There is another important factor that may make it difficult to access the memories of early childhood. The dominant brain wave activity of children under the age of six is in the four to eight hertz range associated with Theta, bridging into Alpha, in adults. These lower frequency brain-waves in adults are usually associated with reverie and dreaming, and usually occur only in the transition from wakefulness into sleep. As Dr. Thomas Budzynski and others have shown in recent years, however, Theta and Alpha brain-wave production in adults is a vital component of learning and memory encoding.
Clinical results at several centers have indicated that EEG brain-wave training can provide reliable access to the Alpha-Theta consciousness states of early childhood. This suggests a physical basis for the "inner child" metaphor. The surfacing of early childhood memories during Theta brain-wave entrainment (through EEG biofeedback or binaural entrainment) also fits Charles Tart's observations of "state-dependent memory", i.e. that information learned while in an altered state of consciousness is more difficult to access when in another state of consciousness. This equally applies to dreams, past life, between-lives or out-of-body experiences.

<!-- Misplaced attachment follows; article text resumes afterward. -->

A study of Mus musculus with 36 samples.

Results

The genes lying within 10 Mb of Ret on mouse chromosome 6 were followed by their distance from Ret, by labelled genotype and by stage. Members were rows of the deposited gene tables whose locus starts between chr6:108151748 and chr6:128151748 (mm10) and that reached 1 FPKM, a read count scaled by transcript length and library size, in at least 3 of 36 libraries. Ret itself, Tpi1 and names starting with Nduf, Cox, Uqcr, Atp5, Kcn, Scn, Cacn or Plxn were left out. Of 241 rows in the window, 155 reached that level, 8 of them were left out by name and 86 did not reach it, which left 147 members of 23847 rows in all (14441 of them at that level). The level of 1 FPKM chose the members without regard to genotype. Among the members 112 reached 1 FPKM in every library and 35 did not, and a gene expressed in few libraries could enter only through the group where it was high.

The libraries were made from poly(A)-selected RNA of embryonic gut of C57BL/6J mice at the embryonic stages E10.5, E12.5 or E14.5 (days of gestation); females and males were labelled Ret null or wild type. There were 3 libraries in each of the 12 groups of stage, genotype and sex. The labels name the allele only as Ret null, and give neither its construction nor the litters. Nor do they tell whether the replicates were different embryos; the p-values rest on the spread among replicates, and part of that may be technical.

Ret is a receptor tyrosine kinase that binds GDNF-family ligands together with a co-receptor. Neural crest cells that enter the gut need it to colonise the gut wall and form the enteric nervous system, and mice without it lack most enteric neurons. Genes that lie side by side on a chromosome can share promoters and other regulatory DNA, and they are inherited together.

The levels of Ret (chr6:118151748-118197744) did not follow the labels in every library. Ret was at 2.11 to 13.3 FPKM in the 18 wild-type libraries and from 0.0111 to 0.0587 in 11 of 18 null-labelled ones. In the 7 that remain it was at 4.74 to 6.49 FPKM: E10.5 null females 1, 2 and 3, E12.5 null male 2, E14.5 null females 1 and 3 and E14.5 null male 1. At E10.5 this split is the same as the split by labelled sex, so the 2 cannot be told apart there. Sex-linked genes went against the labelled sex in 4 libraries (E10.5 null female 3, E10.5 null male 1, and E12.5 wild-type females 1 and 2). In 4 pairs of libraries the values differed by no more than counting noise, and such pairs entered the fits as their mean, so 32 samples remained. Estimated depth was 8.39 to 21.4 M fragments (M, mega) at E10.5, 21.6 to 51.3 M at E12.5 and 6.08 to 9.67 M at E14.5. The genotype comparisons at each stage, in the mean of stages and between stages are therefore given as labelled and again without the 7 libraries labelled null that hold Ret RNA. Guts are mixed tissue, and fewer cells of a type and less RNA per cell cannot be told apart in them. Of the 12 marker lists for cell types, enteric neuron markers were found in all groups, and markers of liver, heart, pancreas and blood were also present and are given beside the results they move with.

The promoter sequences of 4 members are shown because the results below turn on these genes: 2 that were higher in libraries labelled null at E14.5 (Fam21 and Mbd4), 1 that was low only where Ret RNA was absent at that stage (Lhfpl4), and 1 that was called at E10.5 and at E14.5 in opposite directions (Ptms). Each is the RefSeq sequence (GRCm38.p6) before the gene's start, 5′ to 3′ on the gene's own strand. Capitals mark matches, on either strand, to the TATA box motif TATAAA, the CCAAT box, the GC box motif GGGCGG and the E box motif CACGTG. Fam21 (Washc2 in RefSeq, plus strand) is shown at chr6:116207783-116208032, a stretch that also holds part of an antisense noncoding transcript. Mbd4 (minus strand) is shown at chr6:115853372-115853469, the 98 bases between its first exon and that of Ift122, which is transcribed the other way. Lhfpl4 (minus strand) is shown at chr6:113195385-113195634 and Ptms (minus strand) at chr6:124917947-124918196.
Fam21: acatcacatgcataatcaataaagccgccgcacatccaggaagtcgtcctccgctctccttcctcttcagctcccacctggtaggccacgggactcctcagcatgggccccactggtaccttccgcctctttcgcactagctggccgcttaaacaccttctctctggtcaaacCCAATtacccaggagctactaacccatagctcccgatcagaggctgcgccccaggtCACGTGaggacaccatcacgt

Furthermore, the moments of insight in therapy occur when dominant brain-wave frequencies are near the interface of adult Alpha and Theta rhythms, i.e. the 7-8 Hz range. To facilitate access to the consciousness state of early childhood, where rapid learning was easy, also increases access to the right-brain non-verbal holistic awareness described as enlightening by mystics of all religions.
To achieve this in the context of a therapy session, it is first necessary for the client to be relaxed and thoroughly involved in the session. It helps to use a comfortable reclining chair with head support. Secondly, the client may listen to an appropriate binaural signal through stereo headphones, which entrains brain-waves towards the desired frequency. The headphones should be of the transparent type so that the client can still hear the therapist easily; alternatively, with closed headphones, the therapist can use a microphone to communicate to the client, mixed with the binaural signal.
Also, when running incidents, the eyes should be closed. The binaural signal generator produces a supplementary Beta (high frequency) signal that keeps the client alert and prevents the drowsiness that tends to occur automatically when the eyes are closed.
Because of the efficacy of such methods, binaural stimulation as an adjunct to therapy should only be administered by a therapist with considerable experience of successfully running traumatic experiences without binaural stimulation, and then only when the more straightforward approach of rational emotive therapy is not appropriate.
The binaural method should not be used with clients who are neurotic or highly anxious; such persons should be brought into normal stability with more objective methods. Psychotic persons should not be run on any traumatic handlings but should only examine pleasurable experiences or the wrong indications about themselves (given by others or as a result of their own distorted thinking) that caused them to introspect compulsively.